Social engineering attacks take center stage on Amazon Prime Day 2024

A whopping 85% of 2024 domains associated with Amazon were flagged as malicious or suspicious.

Amazon Prime Day, which falls on July 16th-17th, can be a great way to save on some of your favorite Amazon items. However, while you shop, cybercriminals lurk in the background, waiting to steal your credentials.

While you bag the best deals, cybercriminals are working hard to siphon your personal information, which will be used for nefarious purposes.

Through phishing and other social engineering attacks, cybercriminals will attempt to steal your usernames, passwords, and even financial information by creating false web pages masquerading as official Amazon websites or by sending malicious emails.

This stolen information could then be used to defraud you by accessing your bank accounts and potentially hacking into your accounts if you have a habit of reusing usernames or passwords and don’t employ multi-factor authentication (MFA).

Malicious Amazon sites

Check Point Software Technologies (Check Point), a cybersecurity solutions provider, shared that the number of fake domains associated with the Amazon brand has increased alarmingly.

During June 2024, there were over 1,200 new domains and the majority of them (85%) were malicious in nature.

The company provided a few examples of fraudulent Amazon websites to avoid this Prime Day, as they only work to harvest your information:

  • amazon-onboarding[.]com: this is a brand-new domain designed to steal carrier-related credentials
  • amazonmxc[.]shop: this shop masquerades as Amazon Mexico and has a similar layout. However, fraudsters collect your login details when you type them in.
  • amazonindo[.]com: similar to the fake Amazon Mexico domain, when you input your credentials in the top right-hand corner, scammers collect them.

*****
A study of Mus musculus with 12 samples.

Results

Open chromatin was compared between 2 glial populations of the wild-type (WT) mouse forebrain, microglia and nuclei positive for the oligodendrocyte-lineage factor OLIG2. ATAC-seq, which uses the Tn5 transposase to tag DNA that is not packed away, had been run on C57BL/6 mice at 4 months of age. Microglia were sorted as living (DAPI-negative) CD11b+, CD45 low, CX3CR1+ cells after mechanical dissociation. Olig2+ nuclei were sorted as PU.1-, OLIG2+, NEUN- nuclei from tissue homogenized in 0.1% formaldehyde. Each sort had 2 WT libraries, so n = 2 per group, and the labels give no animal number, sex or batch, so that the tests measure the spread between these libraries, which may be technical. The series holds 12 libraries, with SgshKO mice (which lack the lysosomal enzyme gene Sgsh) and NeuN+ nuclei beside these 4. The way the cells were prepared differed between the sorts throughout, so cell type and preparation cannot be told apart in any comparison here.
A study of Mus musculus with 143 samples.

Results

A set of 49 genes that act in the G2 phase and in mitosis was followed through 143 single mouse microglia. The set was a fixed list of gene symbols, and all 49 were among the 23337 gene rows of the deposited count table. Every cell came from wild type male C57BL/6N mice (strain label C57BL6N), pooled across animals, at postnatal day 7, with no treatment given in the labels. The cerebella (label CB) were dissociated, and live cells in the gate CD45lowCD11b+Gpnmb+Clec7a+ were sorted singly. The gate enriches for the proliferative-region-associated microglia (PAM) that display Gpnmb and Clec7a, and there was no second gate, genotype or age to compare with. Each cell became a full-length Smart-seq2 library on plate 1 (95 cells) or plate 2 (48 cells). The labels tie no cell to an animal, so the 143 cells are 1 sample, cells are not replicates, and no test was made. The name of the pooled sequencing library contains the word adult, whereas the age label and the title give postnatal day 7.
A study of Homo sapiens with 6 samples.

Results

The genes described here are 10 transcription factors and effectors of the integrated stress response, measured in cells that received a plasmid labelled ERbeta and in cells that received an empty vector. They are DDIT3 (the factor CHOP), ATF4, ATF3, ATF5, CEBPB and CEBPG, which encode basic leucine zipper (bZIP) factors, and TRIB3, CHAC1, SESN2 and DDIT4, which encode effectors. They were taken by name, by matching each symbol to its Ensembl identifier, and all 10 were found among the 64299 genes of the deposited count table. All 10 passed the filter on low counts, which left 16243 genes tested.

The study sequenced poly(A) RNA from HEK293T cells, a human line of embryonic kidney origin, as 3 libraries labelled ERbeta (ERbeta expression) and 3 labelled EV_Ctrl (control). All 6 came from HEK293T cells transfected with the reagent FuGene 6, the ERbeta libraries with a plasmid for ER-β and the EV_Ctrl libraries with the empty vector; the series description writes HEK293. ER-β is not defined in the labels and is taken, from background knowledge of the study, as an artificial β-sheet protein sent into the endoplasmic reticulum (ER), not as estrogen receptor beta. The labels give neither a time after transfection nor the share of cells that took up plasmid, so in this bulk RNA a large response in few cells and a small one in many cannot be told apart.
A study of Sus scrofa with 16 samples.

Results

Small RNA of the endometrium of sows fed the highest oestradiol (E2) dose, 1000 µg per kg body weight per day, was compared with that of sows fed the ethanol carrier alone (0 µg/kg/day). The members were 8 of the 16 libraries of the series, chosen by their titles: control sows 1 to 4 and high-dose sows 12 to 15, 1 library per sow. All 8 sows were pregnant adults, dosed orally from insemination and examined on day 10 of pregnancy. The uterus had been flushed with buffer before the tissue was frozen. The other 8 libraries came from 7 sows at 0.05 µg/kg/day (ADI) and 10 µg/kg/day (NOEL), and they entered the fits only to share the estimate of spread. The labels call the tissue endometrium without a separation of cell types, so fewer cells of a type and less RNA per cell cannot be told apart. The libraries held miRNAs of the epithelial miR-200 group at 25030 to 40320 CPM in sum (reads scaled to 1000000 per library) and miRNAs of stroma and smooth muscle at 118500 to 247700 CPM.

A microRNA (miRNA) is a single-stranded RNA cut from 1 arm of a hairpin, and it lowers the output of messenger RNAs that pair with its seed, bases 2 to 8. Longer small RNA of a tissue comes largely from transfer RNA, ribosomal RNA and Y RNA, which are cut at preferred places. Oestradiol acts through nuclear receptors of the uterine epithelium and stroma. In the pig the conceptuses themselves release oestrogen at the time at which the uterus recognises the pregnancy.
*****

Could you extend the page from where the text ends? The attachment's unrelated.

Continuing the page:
The cybersecurity solutions company identified 25 false domains that are used to siphon personal information from users.

Amazon Prime Day is an extremely popular event that attracts millions of users worldwide, meaning that more and more people have the potential to be scammed this Amazon Prime Day.

Check Point said that in 2023, Prime members bought approximately 375 million items worldwide and saved roughly $2.5 billion on a multitude of deals.

However, this opens the door to different types of social engineering attacks, which are becoming increasingly convincing.

Phishing attempts

There are various examples of phishing attacks and social engineering attacks. However, Check Point flagged two separate attempts to scam users out of their personal information by claiming their accounts would be suspended or blocked.

The phishers create a sense of urgency, prompting the user to make a hasty decision without properly considering it.

The fake Amazon website then prompts users to input their usernames, passwords, or bank information.

How to avoid scammers

Avoiding scammers this Amazon Prime Day should be relatively easy if you follow these steps:

  • Check URLs: make sure that the URLs go to a legitimate website. Be wary of misspellings in the URL or if sites are using a different top-level domain.
  • Use strong passwords: to avoid being hacked, make sure you use strong passwords for your Amazon account (and any account).
  • Employ Multi-Factor Authentication (MFA): in conjunction with strong passwords, use MFA, such as biometric authentication, to help secure your accounts.
  • Spot the HTTPS: make sure you check that the URLs start with “https://” as this protects data sent between the web browser and the website, making for a secure browsing experience.
  • Avoid sharing personal information: try to keep as much of your personal information offline as possible, especially sensitive information like your Social Security number, date of birth, and financial information.
  • Think before you click: when receiving an email or a link, verify that it’s legitimate, and don’t click on it immediately, as it may be malicious.
  • If it’s too good to be true, don’t fall for it: avoid suspicious offers, deals, and benefits by trusting your gut. If it feels too good to be true, it probably is.
  • Use credit cards over debit cards: credit cards offer a layer of protection when making payments online as they offer increased protection and limited liability if credentials are compromised.